On gas and Clinton

Over at TfK, Josh more-or-less reads my mind about the rank stupidity of McCain and Clinton calling for a suspension of the gas tax:

This is stupid, because it won’t actually cut prices (the price of a good like gasoline is dominated by how much customers are willing to pay, and fiddling with the tax won’t change demand, just how much money oil companies get and how much goes to the government). It’s also stupid because it will starve the government of funds it uses to maintain roads, and infrastructure maintenance is always good, and is especially important as a form of counter-cyclical spending in a recession. Finally, it creates the impression that gas prices are dominated by onerous taxes, when in fact, the price of gas is driven by market forces, and will only be lowered by changes in behavior.

When faced with 200+ economists who disagree with the plan, Clinton derides "elite opinion" – you know, the opinion of those with years of training in a field.

Josh is, I think, being a little too kind to Clinton. I have given up on her as her actions (particularly with regards the screw-up by the Michigan and Florida Democrats) have only shown that she will do anything to win. While she’s preferable to McCain, it ain’t by much. Either way, it will be politics as usual.


11 thoughts on “On gas and Clinton

  1. In fairness to Clinton, she at least tries to recoup those losses by charging a windfall profit tax on oil companies. That makes her plan more stupid than dangerous since the oil companies will just pass that tax back to the consumers. It’s still dangerous because it continues to argue that we can and should have cheap gas. Serious politicians need to accept that gas prices are going to rise and develop policies to ease the pain on the working class while combating the climate, enegry and food crises which are all tied to our oil policies.

  2. Yes! That’s what we need; a President who, faced with expert opinion says to herself “I know better”. That would be novel indeed. What kind of trouble could possibly result from someone who stands firm in their belief, however misguided, and admits no mistakes?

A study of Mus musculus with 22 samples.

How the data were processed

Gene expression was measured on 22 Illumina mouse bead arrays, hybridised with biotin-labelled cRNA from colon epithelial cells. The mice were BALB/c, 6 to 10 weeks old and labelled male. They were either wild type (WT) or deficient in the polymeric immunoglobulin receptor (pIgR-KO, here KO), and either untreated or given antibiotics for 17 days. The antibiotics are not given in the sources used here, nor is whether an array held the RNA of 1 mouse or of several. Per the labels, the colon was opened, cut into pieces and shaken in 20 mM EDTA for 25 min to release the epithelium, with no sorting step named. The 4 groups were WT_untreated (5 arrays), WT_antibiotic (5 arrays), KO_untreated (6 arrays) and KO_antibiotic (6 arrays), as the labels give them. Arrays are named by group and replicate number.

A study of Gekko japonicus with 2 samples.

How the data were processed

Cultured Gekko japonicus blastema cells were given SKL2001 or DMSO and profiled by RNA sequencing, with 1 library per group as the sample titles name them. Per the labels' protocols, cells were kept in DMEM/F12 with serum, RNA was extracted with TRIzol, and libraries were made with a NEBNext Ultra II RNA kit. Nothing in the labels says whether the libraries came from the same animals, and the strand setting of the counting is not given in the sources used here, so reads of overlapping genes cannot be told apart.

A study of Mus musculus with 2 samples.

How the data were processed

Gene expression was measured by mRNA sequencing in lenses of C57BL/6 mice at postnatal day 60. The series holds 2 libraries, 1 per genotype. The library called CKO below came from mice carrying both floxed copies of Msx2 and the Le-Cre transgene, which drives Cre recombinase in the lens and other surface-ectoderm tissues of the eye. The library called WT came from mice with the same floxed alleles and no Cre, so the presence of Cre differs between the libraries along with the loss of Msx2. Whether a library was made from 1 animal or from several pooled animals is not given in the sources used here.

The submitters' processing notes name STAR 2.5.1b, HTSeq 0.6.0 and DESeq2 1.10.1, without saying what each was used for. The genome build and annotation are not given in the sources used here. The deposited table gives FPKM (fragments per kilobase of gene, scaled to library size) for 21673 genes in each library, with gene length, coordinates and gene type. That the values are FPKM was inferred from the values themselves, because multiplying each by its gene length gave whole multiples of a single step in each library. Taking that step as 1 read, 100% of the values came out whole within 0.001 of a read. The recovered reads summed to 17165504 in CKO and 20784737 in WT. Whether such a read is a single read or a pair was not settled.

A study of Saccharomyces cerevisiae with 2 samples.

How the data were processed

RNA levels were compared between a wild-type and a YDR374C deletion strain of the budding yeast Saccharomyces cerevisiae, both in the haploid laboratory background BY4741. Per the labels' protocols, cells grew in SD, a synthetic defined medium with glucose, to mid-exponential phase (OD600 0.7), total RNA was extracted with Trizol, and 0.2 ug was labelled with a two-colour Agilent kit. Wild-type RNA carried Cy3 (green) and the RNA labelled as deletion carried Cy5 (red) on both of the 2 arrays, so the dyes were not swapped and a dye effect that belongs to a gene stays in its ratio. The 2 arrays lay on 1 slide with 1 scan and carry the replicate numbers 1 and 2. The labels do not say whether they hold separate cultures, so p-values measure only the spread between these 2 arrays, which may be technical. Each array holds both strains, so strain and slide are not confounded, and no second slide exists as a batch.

3. @ SLC
    Obviously pointing to what Bill Clinton did in the past is no indication of what Hillary Clinton will do in the future. Yes, she wont nominate an Alito, but that is hardly a ringing endorsement. She probably wont eat babies either!
    IMO, it will still be politics as usual and the Clintonian forces that have been steadily killing the Democratic party will continue their death squeeze.

  4. Clinton says the legislation would save the average driver about $70 over the summer and should be advocated even if chances of passage are slim.

    Or about $5.80 a week. That’ll make a difference. Not.

  5. It should be as effective as what was suggested during the last gas crisis 30 years ago–“Conserve gas–put a brick in your gas tank.”
    Clinton is like the little girl on the radio recently who was much smarter than those elite scientists who had spent years studying climate, and knew that global warming is a hoax.

  6. But John! Don’t you know that what is important is that she will *look* like she is really concerned with the poor, poor people who just can’t afford to buy gas and ring tones and satellite Tee Vee and more music players all at the same time? I mean, if you can’t afford to drive anywhere and have to stay home and do nothing, then how can you stay sane and know who to vote for?
    Pity the poor voter faced with the choice between skim, 2% and reduced fat. None are real milk. You are right; politics as usual.

  7. Hillary is not an economic wiz to say the least. But what about Obama? He is a Dem that most will vote for in here. What’s he going to do about the higher gas prices? It’s a difficult problem no doubt, but there are solutions…Here are a possible few…
    1) Stop devaluating the dollar, by pumping in worthless money into the system and lowering interest rates to nearly zero (2 percent) in order to bail out the housing crisis. By increasing the value will lower food and oil prices to a certain degree.
    2) Cease the bio-fuel frenzy. Even liberals are beginning to realize the harm it’s doing to the world rather than good.
    3) Build an oil refinery. One hasn’t been built since the 1970’s. Refineries break down, and even if we find more oil we wouldn’t be able to process it more.
    4) Even though the demand is a global problem, people should reduce their usage more if possible. I’m planning on buying a scooter, 80 miles to the gal, and can go 65 mph. However, buying these things is not for everyone.
    5)Allow for more drilling for oil in Alaska.